March 3, 2016
- Read the February issue of Hawk Talk Monthly
- Download your Iowa Hawkeye iPhone app!
- Download your Hawk Talk Monthly iOS app
- Download your Hawk Talk Monthly android app
- Download your Iowa Hawkeye Android app!
- Big Ten Network: Free Hawkeye Video
- 24 Hawkeyes to Watch
Editor’s Note: The following first appeared in the University of Iowa’s Hawk Talk Daily, an e-newsletter that offers a daily look at the Iowa Hawkeyes, delivered free each morning to thousands of fans of the Hawkeyes worldwide. To receive daily news from the Iowa Hawkeyes, sign up HERE.
BY SAM STYCH
IOWA CITY, Iowa — The dream was there, but the opportunity wasn’t for University of Iowa men’s golfer Voramate Aussarassakorn. That was until a place more than 8,500 miles from home came into the picture.
For Aussarassakorn, a senior from Bangkok, Thailand, the dream has always been to get a good education on the way to becoming a professional golfer. However, he was stuck in quite the predicament.
“In Thailand, we have to choose between school or professional golf because we don’t have any programs that allow for school and golf at the same time,” he said.
That’s when he became open to the idea of heading to a new country to pursue both, and for Aussarassakorn, the University of Iowa was the perfect fit. It offered a quality education and an opportunity to play golf at a high level. It has also given him the chance to work with an experienced coaching staff.
“I love the coaching staff here at Iowa,” said Aussarassakorn. “Tyler (Stith) and Dan (Holterhaus) have a lot of experience and are very knowledgeable about the game. I have learned a lot from them both on and off the course.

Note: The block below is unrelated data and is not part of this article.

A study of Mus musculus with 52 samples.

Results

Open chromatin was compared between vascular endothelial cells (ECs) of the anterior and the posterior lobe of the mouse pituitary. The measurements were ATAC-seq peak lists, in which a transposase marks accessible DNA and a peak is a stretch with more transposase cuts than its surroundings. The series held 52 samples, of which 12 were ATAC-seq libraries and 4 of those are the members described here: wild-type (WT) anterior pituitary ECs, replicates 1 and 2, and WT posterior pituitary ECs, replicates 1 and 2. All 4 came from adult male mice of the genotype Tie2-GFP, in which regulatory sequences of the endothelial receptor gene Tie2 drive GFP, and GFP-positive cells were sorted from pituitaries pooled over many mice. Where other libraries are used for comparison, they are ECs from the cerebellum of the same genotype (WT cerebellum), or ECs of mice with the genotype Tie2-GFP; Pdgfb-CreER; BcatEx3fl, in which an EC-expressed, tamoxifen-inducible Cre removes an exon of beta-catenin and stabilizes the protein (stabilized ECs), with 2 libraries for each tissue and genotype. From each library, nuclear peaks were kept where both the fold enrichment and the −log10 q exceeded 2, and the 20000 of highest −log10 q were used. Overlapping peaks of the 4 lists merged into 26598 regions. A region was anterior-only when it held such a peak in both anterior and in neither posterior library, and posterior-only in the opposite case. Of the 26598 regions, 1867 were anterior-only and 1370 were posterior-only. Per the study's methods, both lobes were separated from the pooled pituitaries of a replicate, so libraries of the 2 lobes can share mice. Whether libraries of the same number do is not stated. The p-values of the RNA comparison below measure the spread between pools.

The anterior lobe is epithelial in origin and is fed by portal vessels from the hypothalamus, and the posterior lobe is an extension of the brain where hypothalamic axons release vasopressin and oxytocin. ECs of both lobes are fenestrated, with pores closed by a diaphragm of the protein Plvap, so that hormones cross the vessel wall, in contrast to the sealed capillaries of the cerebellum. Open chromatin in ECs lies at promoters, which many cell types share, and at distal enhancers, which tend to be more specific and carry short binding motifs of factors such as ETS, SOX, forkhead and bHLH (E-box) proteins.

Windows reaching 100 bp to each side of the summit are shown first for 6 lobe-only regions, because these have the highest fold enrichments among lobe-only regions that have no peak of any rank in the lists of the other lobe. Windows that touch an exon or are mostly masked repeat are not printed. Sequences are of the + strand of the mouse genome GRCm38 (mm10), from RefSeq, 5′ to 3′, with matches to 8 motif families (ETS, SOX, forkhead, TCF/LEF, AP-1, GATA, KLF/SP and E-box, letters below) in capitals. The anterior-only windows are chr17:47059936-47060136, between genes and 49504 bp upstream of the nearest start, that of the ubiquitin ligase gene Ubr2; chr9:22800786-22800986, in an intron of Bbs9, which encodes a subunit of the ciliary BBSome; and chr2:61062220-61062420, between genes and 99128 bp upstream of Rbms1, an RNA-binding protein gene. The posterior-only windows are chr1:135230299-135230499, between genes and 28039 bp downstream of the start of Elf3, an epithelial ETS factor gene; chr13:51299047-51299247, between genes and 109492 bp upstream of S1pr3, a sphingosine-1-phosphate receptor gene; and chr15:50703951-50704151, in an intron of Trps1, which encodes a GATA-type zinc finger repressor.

“My game has improved a lot since arriving in the United States, especially my short game. I used to play only one style around the green, but now I’m able to play multiple styles with confidence. I have also learned how to manage myself on the course, which has helped me reduce bad decisions when I’m on the course.”
On a broader spectrum, Aussarassakorn does miss eating Thai cuisine on the regular, and he also misses his family. He still stays in contact with them, but it can be difficult due to the 12-hour time differential.
“I contact my parents one or twice a week depending on the scheduling because of the time difference between here and there,” said Aussarassakorn. “I used to visit my family twice a year — once during summer and again during winter break — but now I only visit once a year.”
It can be extremely difficult to adapt to a new culture, perhaps even harder to learn a new language. But for Aussarassakorn, the process has been much easier thanks to his teammates over the last four years, and for that he is grateful.
“Everyone on the team is nice and friendly,” said Aussarassakorn. “They never make fun of me when I do something wrong due to a difference in culture or language. They have done their best to make me feel comfortable and have been a big part in helping me learn and understand the American culture. I wouldn’t have adapted so quickly without their help.”
With an emphasis on business studies in Iowa’s interdepartmental studies program, Aussarassakorn is on track to graduate this spring. After that, the focus shifts toward a professional golf career.
“I plan on staying in the United States for a couple of months after I graduate this spring so I can play some of the mini tours around the Midwest,” he said. “After that, I will go back to Thailand and try to qualify for the Asian Tour.”
Until then, there is still a lot of collegiate golf to be played for Aussarassakorn, as he and the Hawkeyes push through the spring in hopes of securing their eighth straight NCAA Tournament appearance.